GRADE II listed buildings on a street blighted by empty units will be the first to benefit from a £2 million scheme to boost Bradford's heritage buildings.

The Bradford City Centre Townscape Heritage Scheme is a National Lottery funded scheme that was set up to restore neglected buildings in the city's "top of town" area to their former glory.

The first buildings to benefit from the fund are 14-16 Rawson Place.

The late Victorian, four-storey buildings have modern ground floor frontages, with one having gaudy decals covering the windows, while the upper floors are currently semi derelict.

Thanks to the new grant the building's owners, Frost Hill Investments, restore the period features on the shop units, which will remain in retail use, and convert the upper floors into flats.

The four year scheme is being delivered by Bradford Council and supported by £2million of funding from The National Lottery Heritage Fund.

Lottery cash would help bring some of city centre's forgotten buildings back to life

Owners of properties in the Bradford City Centre Conservation Area, which includes North Parade, Rawson Place, Darley Street, Northgate, Piccadilly, Upper Piccadilly, Duke Street and James Street, are able to apply to the fund. If successful they are given financial support to carry out works to their building that might not normally be financially viable.

14-16 Rawson Place is part of a complete Victorian terrace and was designed in 1888, by Fairbank & Wall Architects for Charles Heppleston, a local businessman who had turned property developer.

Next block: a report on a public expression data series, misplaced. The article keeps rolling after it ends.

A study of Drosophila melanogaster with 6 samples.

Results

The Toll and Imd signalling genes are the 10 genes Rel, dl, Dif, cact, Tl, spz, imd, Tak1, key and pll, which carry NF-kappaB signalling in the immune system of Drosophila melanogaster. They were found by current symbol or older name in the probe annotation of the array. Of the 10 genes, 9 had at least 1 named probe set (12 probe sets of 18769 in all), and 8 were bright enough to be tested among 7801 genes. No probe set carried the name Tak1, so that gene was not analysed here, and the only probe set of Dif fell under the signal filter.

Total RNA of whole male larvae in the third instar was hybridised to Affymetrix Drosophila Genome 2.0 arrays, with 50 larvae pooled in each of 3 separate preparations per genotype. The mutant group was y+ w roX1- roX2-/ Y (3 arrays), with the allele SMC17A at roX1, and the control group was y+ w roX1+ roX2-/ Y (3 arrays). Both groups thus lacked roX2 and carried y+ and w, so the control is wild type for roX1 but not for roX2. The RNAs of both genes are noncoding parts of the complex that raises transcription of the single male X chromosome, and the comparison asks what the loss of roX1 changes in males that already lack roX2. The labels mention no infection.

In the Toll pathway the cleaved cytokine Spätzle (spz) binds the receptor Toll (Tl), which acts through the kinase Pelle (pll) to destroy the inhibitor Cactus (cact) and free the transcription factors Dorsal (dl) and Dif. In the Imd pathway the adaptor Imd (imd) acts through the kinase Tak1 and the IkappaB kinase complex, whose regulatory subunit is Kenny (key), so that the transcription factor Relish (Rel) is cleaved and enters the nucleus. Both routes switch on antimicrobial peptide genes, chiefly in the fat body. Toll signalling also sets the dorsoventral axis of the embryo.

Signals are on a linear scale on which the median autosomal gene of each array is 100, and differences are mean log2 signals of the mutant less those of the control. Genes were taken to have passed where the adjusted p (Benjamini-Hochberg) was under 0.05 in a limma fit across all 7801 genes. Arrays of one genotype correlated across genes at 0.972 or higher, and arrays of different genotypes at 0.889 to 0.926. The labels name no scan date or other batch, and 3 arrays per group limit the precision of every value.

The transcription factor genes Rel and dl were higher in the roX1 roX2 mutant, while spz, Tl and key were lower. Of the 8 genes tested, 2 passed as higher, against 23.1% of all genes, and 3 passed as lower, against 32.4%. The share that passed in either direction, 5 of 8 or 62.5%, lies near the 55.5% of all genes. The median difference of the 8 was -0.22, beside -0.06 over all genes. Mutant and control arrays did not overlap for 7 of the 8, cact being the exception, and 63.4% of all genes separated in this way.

Architect Benjamin Dalby Fairbank was twice the president of the Bradford Society of Architects and Surveyors which was founded in 1874, and is still in existence today.

The shop, C. Heppleston & Son was a longstanding hardware store and toy dealer on the corner of Rawson Place and Rawson Square.

Original architectural drawings submitted for approval by, what was then, the Bradford Corporation still exist in the West Yorkshire Archive Service.

At the time, Bradford Corporation used various Improvement Acts to clear parts of the area of poor quality buildings and badly planned streets, and sold the land in lots in the latter years of the 19th century, to make the city a better place to live and work.

Councillor Alex Ross-Shaw, Bradford Council’s Executive Member for Regeneration, Planning and transport, said:

“It is wonderful that our Townscape Heritage grant awards will preserve the ‘Top of Town’s’ precious architectural heritage.

“This first grant award for Rawson Place will ensure that a 130-year-old building is brought back into full use, and in a condition that will ensure it will be conserved for many years to come.

“This £2m programme is part of our wider regeneration approach to the area including the £21m market and public square on Darley Street and the longer term development of the City Village where the Oastler Centre currently sits.

“This will help restore and renew the ‘Top of Town’ as an exciting and integral part of the city centre.”

Richard Middleton, Townscape Heritage Project Officer, said: “During the first year of the Townscape Heritage scheme, over a dozen projects have been developed with property owners, but grant awards can only made once a project is ready to start on site.

“We are delighted to be able to award our first grant in this scheme and look forward to working with the owners on this project.”